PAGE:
Anyone who travels knows how enriching the experience is. Ibn Battuta, a 14th century Moroccan scholar, learned this quickly. When he set out on hajj in 1325, he probably didn’t plan on staying out for 24 straight years.
Students today often do what Ibn Battuta did: they strike out to parts unknown to learn more—but they’re usually home within 6 months, not a quarter-century. According to the 2017 Open Doors report by the International Institute of Education (IIE), just over 325,000 American students went overseas for their educations during the 2015-2016 school year. With so many students following Battuta’s footsteps today, how do universities keep tabs on all of them? How do they know they’re safe?
They use a tool called a travel registry. And, if you aren’t involved in higher education, you’ve probably never heard of a travel registry. So we’ll explain it here.
What is a travel registry?
A travel registry helps organizations contact members abroad in the event of an emergency. They’re simple, but very effective, tools. They ask for basic information from soon-to-be travelers, including:
- Where they’re going.
- When they’re going.
- Why they’re going.
- Personal and emergency contact information.
Administrators can include other bits of important information, like embassy locations and emergency hotlines, within the registry. A travel registry is more than just a database—it’s a tool organizations use to keep their people abroad out of harm’s way.
What dangers are out there?
Our traveler, Ibn Battuta, faced dangers just as any other traveler would. Battuta was almost caught in the middle of a uprising in Aydhab in 1326, he was attacked and robbed just outside of Delhi by bandits in 1341, and he was caught in local political disputes a few times. Word-of-mouth and wit usually kept Battuta safe, but his system wasn’t flawless (he really didn’t have many other options, though).
The threats Battuta faced are still very real risks for travelers six and a half centuries later.
Thieves, instability, and natural disasters are just a portion of what travelers must prepare for today. A tool like a travel registry can keep them aware of these risks and give them resources they would need to get to safety.
Who would use a travel registry? Why?
Large organizations use these tools the most. The larger an organization is, the more members they’ll have on the move. This tool not only simplifies tracking all of this travel, it helps keep people safe, and that’s the ultimate goal.
By using a travel registry, an organization puts itself in a strong position. If an emergency happens in an area, travel registries help deliver potentially life-saving information. These are worst case scenarios, but it can’t hurt to be prepared for them. In the best case scenarios, it keeps an organization in the loop about where people are going and when they’re going.
This is why colleges and universities use travel registries. Tracking and messaging at this scale isn’t efficient any other way. Hundreds—sometimes thousands—of students and staff could be abroad at any given time. And with more and more features coming to travel registries every year, it becomes easier—and safer for those overseas—for universities to use a travel registry.
The Veoci travel registry
After a year after the Covid-19 pandemic, countries began to reopen borders and global travel resumed. For higher education, this meant students and faculty were back on the move for study abroad programs, sabbaticals, conferences, and other events. Colleges and universities needed to track all of this movement, especially given the heightened risk in traveling during this time.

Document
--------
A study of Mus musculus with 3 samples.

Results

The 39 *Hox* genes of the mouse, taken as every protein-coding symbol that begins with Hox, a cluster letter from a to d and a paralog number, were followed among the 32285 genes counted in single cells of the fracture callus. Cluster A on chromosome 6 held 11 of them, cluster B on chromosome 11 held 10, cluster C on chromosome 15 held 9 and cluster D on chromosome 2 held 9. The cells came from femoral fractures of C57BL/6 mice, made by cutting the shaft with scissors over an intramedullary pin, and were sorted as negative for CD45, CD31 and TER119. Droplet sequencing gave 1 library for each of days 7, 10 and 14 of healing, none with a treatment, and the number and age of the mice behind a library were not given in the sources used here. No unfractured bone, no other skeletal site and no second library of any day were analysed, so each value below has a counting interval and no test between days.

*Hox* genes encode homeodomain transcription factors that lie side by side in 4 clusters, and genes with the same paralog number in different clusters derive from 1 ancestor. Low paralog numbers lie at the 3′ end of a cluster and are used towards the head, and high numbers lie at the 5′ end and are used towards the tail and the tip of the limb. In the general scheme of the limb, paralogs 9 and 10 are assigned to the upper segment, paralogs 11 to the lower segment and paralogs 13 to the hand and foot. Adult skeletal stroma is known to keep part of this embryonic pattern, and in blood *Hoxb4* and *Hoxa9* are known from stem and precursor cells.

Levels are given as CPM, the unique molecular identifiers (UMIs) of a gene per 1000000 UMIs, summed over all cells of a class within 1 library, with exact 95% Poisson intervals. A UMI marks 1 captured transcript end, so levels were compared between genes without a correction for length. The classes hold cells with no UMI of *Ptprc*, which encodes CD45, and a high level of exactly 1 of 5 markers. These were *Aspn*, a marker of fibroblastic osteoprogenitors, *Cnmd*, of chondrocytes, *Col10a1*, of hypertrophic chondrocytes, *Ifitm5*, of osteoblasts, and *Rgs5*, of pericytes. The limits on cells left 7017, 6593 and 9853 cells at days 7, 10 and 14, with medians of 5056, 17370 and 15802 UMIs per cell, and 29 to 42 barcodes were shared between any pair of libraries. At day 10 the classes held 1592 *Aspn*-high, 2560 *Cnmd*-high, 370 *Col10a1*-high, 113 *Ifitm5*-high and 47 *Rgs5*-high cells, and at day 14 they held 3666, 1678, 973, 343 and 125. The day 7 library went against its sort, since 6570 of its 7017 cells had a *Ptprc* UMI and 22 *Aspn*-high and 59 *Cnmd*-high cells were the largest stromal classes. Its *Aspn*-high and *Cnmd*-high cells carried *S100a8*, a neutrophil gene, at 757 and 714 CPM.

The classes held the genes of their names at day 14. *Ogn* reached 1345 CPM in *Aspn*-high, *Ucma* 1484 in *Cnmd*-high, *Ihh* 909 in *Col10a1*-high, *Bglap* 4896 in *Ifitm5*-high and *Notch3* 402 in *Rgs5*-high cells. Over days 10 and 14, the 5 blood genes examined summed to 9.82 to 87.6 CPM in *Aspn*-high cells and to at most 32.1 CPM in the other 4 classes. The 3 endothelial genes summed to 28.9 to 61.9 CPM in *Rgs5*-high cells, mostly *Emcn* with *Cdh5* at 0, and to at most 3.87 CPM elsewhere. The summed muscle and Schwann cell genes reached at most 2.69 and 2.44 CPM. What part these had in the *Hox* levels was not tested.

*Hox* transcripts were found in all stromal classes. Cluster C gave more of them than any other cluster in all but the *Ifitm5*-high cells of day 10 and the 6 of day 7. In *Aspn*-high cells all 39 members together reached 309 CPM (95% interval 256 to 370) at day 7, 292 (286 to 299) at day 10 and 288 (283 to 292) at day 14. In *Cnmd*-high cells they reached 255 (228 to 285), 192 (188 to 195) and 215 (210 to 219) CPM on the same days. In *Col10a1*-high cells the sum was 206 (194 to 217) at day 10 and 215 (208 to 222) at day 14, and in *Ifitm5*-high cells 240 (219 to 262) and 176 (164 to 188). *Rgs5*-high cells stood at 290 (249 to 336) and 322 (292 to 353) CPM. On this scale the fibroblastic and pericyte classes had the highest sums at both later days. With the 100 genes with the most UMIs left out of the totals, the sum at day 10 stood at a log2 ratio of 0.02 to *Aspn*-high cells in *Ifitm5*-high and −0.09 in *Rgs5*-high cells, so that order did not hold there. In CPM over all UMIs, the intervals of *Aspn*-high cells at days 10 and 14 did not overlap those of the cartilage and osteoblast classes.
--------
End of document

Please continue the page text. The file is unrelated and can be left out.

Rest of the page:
Yale University, in 2017, started using the Veoci travel registry solution to track students and staff during the Ebola outbreak. The travel registry allowed a single integrated platform with mobile availability and notifications and alerts capabilities. You can learn more about the university’s solution here.
The Veoci Travel Registry caters to two administrative approaches.
Colleges and universities can gather travel data through self-reporting. Travelers complete a workflow that captures the details of their already-approved trip .
The second approach works the approval process into the workflow. In this build, prospective travelers submit their trip plans and the school approves or denies their request.
The travel registry solution found another purpose when the pandemic began. One higher education Veoci customer started using the solution to track Covid-19 cases throughout the organization. When travel rekindled in the fall of that year, the university used its travel registry to manage travel as well. The workflow lets users, students and faculty alike, self-report and notify university administrators of upcoming trips.
This put all relevant information in one place. An integrated solution created a smooth program, one that gave administrators a complete overview of travel activity within the organizations.
The solution integrated the US Department of State Travel Advisories as well. Not only did this provide situational awareness for the university, but the ability to geo-target notifications to students and faculty.
The Home Stretch
Despite some hiccups, Ibn Battuta safely made it back to Marrakech, Morocco in 1350 (and again in 1354). If Battuta hadn’t practiced situational awareness the way he had, it’s hard to say if he would’ve made it home. Battuta set an important standard for travel, a tradition travel registries help adventurers carry out today.
Maybe some globetrotters will catch the bug Battuta did and just keep going. And if they do so, good—a travel registry will continue to help them stay safe.